Cold Therapy – Is it for you?

  • The benefits of being extremely cold
  • How to improve your circulation, reduce swelling, activate your nervous system and boost your immunity
  • The dangers of trying this trendy therapy

On New Year’s Day I got a Whatsapp message from an old university friend.

“Off for a swim,” he wrote. “In the reservoir.”

Now, Jim used to be a bit of a party animal.

Right up until a few years ago, he was overweight and could knock back an astonishing amount of beer in an evening.

Then one New Year’s Eve he resolved to quit drinking for a month.

That month became two months… then three, then four…

He’s now been sober for two years.

And he’s happier for it, he says. He has lost weight, feels more focussed and less anxious.


He’s one of those people who craves highs and if he couldn’t get a kick from alcohol, he needed to seek it somewhere else.

And he found it through cold water swimming.

There’s a reservoir near him in London that allows for icy cold swims of between one hundred and four hundred metres, with a safety team in case of any problems.

For Jim, it’s all about that thrill of the cold and he loves it.

He jumps into the sea, too, whenever he gets the chance.

And – ever the evangelist – he tried to get me into it, too.

Early last spring, we met up in Margate on a chilly day and he introduced me to the delights of a sea swim.

But afterwards he complained it was slightly too warm for him to get a proper thrill from it.

I didn’t know what to say to him as I was bloomin’ freezing and my teeth were chattering in the wind.

Anyway, each to their own!

And in terms of natural health, Jim is actually bang on-trend, because hot and cold therapy is growing in popularity.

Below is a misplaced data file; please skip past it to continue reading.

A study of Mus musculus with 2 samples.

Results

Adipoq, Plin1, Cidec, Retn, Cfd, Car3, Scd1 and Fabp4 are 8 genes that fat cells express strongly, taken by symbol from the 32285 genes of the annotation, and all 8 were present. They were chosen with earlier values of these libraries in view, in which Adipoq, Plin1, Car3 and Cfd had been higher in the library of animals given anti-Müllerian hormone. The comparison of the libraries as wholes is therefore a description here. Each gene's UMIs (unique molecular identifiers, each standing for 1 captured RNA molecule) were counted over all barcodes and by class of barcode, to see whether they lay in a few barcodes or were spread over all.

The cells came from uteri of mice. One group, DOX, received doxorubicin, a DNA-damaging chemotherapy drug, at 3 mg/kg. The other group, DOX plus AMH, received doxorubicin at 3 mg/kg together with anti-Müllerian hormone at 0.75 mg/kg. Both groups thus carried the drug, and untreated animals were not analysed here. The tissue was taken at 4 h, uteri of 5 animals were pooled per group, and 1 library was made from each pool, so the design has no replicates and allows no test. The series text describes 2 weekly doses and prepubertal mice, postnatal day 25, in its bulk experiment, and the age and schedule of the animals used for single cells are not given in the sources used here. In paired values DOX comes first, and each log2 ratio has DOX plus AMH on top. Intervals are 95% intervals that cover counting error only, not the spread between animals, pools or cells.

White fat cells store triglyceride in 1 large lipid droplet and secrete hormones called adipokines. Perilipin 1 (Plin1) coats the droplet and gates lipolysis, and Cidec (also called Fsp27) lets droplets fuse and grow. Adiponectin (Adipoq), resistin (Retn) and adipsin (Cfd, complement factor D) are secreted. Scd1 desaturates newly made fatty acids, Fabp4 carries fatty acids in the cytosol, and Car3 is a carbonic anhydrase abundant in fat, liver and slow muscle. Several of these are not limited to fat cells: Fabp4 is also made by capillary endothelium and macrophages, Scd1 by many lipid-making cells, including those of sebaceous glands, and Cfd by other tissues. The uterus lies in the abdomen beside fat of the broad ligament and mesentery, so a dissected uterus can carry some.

How to heal yourself with the cold

You might have seen Wim Hof on the telly – he’s the Dutch motivational guru famed for plunging himself into extremely cold water.

He once held a Guinness World Record for swimming under ice.

Anyway, in his TV show, Freeze the Fear, he introduced celebrities to his form of extreme cold therapy.

So I think this might be one of the factors behind the surge in interest.

I was reading an article in The Metro this week about how social media mentions for “cold therapies” was up by 38% over the past year and how it’s predicted to be one of the big trends in natural health for 2023.

It’s becoming popular because cold water therapy has so many reported benefits;

  • Advocates say it helps:
  • improve circulation
  • reduce swelling and pain
  • activate your nervous system
  • boost your immune system
  • lower your cholesterol
  • flood your brain with endorphins that make you feel happier

And, as Jim has found, it can help replace those urges for alcohol, food or cigarettes.

That’s quite a number of benefits for an array of health problems and challenges.

So it could be worth trying.

You don’t have to swim in a reservoir either – there are much safer, simpler alternatives like plunge pools, cold showers and ice baths.

To get a therapeutic effect, you need to be immersed in water less than 15°C.

However, before you go running off to the nearest lake in your underwear…

A few words of warning…

The dangers of taking the plunge

You need to take this slowly and make sure you are safe.

Don’t immediately assume that you’re Wim Hof!

For some people, immersion in icy water can cause ‘cold water shock’, which can stop your heart and stop your breathing too.

There is also a risk, naturally, of hypothermia.

So the key is to take baby steps. You could start by having a 30 second blast of cold water in the shower each day, then gradually extend the time as you become more resilient.

If you have a health condition like asthma or heart disease, I’d recommend talking to a GP first.

For a more controlled experience, seek out a place that offers it as a service, with experts who can guide you.

Certainly, if you’re going to try the sea, a lake or a reservoir, make sure it’s a supervised session!

When you finish your swim or plunge, make sure you get warm properly – that means getting the wet swimwear off, drying properly, and then building up some layers of clothing.

Experts warn against jumping immediately into a hot bath or shower.

Finally, if you do try it and hate it, that’s fine – even staunch advocates of cold water therapy will admit that it’s not for everyone.

As for me – I like to give myself a blast of cold water in the shower for a minute, every now and then, whenever I’m feeling brave.

But I think I’ll give the reservoir a miss.